7 February 2014
Dr Claire Thomson, University College London
How to Do Things with Films: Affective Strategies in the Danish Public Information Film
Even before the advent of sound film, governments, businesses and other agencies were using cinema to educate, inform, persuade, and propagandize.
Recent scholarly interest in this ‘other’ cinema history has shown how industrial, educational and public information films have often been in the vanguard of aesthetic and technological innovation, while their contexts of commissioning, distribution and consumption intersect in complex ways with mainstream theatrical cinema.
A particularly large and well-preserved collection of public information films is to be found at the Danish Film Institute in Copenhagen. Some 300 short films produced by the government agency Dansk Kulturfilm between 1932 and 1968 have survived, tackling subjects as diverse as architecture, single motherhood, lamp design, and rural sanitation.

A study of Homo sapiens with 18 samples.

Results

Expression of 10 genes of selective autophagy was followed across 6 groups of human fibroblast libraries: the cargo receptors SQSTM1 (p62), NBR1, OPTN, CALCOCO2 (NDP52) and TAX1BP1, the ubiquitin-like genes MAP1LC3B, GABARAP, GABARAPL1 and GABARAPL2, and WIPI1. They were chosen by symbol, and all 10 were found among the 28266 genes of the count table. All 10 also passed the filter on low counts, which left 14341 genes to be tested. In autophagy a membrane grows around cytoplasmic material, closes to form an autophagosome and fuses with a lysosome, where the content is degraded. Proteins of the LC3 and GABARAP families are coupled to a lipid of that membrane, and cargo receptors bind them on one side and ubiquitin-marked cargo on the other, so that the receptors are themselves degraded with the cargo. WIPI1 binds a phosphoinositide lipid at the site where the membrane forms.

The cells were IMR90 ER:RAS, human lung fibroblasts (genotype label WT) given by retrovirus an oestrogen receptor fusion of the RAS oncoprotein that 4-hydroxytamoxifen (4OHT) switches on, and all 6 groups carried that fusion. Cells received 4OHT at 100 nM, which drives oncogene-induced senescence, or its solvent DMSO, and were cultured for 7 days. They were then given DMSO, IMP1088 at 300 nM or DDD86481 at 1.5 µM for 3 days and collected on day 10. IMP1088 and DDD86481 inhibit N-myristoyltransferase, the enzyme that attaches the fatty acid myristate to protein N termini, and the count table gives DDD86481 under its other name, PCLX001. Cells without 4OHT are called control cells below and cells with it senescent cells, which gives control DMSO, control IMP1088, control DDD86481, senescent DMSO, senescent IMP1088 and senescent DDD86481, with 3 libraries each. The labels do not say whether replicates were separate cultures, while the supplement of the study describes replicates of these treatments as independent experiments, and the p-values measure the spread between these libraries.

These films guide the Danish citizen through industrialization, the Nazi occupation of WWII, and the golden years of the welfare state.
The films construct the welfare state citizen in the national imagination, and they inform, persuade (and indeed entertain) that citizen using a variety of narrative and aesthetic strategies.
This paper focuses on a set of strategies that can be located ‘at the edge of words’: many of the films rely on the activation of sense memory, non-verbal knowledge or collective cultural practice in order to do their work. In other words, their effect depends on affect.